California Asphalt Magazine Article | View Document
- Resolution No. 2007-080: Reaffirming its Commitment to the Implementation of a True Pavement Management System (no change)
- Resolution No. 2017-199 Amending Council Policy No. 585-02: Utility Trench Moratorium Policy and Adopting Chula Vista Construction Standard CVCS3A: Moratorium Roadway Trench Resurfacing
- Resolution No. 2013-232: Revising Council Policy 505-01: Formation of Assessment Districts with City Participation for Construction of Infill Street Improvements
Capital Improvement Project (CIP) Map | View Map
This map is updated periodically and may not reflect all current projects
One of the greatest challenges a City faces is maintaining, preserving and restoring its paved streets. Even though transportation/street maintenance is one of the few areas where cities receive regional and state monies (TransNet, Proposition 42, Proposition 1B), needs continue to exceed available funding. Most public agencies face financial constraints and must make choices about how to spend their limited transportation/maintenance dollars. Every few years, the City hires a consultant to update its Pavement Management System (PMS) in order to provide an objective assessment of pavement condition citywide. The state requires a PMS in order for a jurisdiction to be eligible for state funding. The PMS develops pavement preservation and rehabilitation strategies to maximize the use of public funds by applying the right treatment at the right time to extend the life of the pavement.
Pavement Condition Index (PCI)Below are photographs depicting examples of 5 different PCI scores.
|PCI = 21||PCI = 40||PCI = 68||PCI = 75||PCI = 95|
Bad Condition <----------------------------------------------------------------------------------------------------------------> Good Condition
The PMS process begins with each of the street segments being rated with a Pavement Condition Index (PCI) between 0 and 100 (with 100 being “like new”). The scores translate into six general condition categories, ranging from "Failed" to "Excellent." Each score range is assumed to warrant a specific type of treatment. Treatments can be thought of in three general categories – seal, overlay, and reconstruct, with reconstruct being a complete rebuilding of the pavement roadway. The computerized Pavement Management System then begins a complicated process of prioritizing Chula Vista's over 2,800 street segments to determine the most efficient and effective use of anticipated funds over multiple years.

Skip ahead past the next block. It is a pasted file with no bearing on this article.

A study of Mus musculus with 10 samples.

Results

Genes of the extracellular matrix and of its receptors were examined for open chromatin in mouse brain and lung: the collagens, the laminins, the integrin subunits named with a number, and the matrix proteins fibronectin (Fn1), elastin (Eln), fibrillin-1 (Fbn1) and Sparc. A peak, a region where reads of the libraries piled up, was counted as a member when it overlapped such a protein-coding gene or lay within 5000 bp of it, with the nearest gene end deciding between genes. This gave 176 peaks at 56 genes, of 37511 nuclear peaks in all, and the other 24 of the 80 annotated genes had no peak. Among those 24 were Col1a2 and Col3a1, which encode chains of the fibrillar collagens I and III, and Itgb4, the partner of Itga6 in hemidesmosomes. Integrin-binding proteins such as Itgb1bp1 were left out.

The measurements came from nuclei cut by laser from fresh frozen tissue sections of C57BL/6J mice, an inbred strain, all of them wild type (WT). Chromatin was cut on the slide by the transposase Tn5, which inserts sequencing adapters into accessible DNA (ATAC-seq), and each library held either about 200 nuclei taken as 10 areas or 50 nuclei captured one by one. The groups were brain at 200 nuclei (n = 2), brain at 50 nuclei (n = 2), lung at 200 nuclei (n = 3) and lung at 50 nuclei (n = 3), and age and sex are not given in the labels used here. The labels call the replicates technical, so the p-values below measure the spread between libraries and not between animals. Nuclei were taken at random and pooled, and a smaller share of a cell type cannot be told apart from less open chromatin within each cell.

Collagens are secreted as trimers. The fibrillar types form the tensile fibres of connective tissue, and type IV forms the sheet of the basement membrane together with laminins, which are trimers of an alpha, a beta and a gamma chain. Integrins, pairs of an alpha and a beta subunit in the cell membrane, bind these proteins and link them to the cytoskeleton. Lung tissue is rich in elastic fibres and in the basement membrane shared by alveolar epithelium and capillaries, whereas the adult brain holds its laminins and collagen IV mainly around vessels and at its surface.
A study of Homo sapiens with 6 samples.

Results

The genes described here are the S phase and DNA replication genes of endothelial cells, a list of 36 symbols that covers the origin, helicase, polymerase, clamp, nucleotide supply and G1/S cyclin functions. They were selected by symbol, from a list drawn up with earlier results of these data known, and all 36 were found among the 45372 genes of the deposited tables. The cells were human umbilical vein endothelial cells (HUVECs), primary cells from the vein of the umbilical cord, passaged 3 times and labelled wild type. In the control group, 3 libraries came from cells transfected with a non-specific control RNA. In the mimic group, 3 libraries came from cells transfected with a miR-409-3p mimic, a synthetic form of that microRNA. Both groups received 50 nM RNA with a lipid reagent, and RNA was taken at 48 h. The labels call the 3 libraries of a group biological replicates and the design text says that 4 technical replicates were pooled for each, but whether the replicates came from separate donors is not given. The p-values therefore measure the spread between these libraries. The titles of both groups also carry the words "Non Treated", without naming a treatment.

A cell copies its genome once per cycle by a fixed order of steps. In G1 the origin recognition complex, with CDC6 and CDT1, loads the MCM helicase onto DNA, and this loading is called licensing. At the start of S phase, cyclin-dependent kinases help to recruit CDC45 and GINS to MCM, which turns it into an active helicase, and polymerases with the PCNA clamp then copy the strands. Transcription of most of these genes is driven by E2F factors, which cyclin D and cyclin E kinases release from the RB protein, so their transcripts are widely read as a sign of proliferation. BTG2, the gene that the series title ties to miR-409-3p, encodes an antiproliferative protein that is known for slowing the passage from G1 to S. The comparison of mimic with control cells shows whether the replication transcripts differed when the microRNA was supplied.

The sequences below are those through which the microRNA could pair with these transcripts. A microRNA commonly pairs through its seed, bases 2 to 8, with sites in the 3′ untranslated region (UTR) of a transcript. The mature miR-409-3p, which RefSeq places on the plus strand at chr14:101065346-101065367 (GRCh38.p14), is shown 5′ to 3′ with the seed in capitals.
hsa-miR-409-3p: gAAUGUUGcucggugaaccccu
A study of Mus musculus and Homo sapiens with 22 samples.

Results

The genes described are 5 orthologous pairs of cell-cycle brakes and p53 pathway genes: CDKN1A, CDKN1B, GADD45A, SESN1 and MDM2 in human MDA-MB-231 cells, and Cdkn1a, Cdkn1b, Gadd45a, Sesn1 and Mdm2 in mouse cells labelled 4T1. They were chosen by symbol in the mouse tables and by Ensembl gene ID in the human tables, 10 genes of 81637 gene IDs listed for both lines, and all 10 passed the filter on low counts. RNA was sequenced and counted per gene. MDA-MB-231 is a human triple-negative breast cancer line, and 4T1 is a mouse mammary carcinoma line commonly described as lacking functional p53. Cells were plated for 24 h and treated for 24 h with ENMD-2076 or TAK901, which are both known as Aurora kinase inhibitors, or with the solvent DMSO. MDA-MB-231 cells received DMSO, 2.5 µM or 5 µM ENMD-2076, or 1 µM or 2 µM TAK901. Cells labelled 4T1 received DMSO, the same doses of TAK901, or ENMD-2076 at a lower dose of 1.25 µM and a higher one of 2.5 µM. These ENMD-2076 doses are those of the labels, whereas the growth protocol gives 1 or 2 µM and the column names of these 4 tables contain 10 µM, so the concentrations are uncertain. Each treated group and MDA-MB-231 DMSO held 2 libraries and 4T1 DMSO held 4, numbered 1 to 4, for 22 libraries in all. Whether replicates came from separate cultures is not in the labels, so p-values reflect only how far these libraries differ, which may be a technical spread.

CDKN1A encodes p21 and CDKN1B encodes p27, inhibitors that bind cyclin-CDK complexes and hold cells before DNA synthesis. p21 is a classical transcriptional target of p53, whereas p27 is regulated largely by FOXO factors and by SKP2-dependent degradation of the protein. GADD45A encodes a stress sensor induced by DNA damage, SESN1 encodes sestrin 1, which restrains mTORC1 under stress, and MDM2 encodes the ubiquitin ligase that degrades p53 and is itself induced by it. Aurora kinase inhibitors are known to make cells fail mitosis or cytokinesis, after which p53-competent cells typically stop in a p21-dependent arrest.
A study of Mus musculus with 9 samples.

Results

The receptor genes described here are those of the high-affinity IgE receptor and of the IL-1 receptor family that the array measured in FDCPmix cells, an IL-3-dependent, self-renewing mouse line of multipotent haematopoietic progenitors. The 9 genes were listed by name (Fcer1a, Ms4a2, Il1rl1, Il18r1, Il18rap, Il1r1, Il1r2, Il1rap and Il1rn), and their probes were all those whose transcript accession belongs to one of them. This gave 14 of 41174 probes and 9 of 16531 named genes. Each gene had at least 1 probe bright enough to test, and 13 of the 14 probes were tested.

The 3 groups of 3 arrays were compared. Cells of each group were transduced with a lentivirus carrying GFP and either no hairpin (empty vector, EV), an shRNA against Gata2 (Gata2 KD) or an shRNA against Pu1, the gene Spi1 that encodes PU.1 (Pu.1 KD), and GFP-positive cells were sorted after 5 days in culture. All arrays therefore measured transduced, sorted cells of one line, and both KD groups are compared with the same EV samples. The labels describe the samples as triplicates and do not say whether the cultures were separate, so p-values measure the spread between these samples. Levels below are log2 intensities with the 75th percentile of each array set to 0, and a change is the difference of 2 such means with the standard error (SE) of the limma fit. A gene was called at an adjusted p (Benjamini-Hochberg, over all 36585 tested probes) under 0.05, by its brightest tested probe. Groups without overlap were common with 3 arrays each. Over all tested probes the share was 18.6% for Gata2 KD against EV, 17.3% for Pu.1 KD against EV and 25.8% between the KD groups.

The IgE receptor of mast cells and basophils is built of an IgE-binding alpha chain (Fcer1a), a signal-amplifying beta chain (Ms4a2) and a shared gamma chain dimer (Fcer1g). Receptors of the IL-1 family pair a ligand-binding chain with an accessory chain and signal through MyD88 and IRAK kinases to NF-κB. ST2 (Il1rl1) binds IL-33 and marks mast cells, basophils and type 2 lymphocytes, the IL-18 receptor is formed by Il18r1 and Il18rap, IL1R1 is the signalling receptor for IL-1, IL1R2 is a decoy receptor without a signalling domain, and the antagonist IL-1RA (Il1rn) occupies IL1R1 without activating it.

|PCI||% of Streets||Actions Required||Cost per Square Foot|
|70.01 - 100||71%||Requires maintenance treatment only (such as thin seals).||$0.69 - $2.06|
|50.01 - 70||15%||Requires rehabilitation (such as seals with dig-outs, overlays).||$0.69 - $2.06|
|25.01 - 50||9%||Requires major rehabilitation (such as rubberized or thick overlays).||$4.11|
|0 - 25||5%||Requires complete reconstruction (removal and new construction of pavement and base layer underneath).||$5.80|
The system considers a number of factors to determine priority, including street type and use, (i.e., number of lanes, total traffic volumes, and heavy truck volumes), street pavement condition rating, and the cost effectiveness of various treatment strategies. The end result is a multi-year list (usually a five-year list) of streets and strategies that maximizes citywide pavement life using available and anticipated funding, while preventing streets in good condition from becoming poor and, therefore, more costly to maintain.
The Pavement Management System has determined that about $19 million per year over the next ten years is required to maintain the current overall citywide condition rating. However, available funds for pavement rehabilitation are extended estimated to average about $5.5 to $6.0 million per year over the next five years. Due to the shortfall in gap between needed and actual funding, the City is focusing on preserving street pavements that require less costly maintenance and rehabilitation procedures, while looking for alternate funding to re-build and/or reconstruct streets that are beyond repair.
As a result, there will be more newer streets that will receive less costly preservative treatments such as less-costly seal coats than in previous years. This strategy will extend the life of those streets by several years and delay or prevent, if possible, having to use more expensive pavement treatments in the future, including overlays. Based on the limited funds available, this is the most cost-effective strategy to maintain the best pavement condition Citywide.
If you would like to learn more about pavement, please explore the following links:
- Federal Highway Pavement Administration
- American Concrete Pavement Association (ACPA)
- Caltrans Pavement Home Page
- The National Center for Pavement Preservation
- Foundation for Pavement Preservation
- Pavement Management - A Manual for Communities
- Pavement Management - Past, Present and Future
Call (619) 691-5021 or use the web contact form.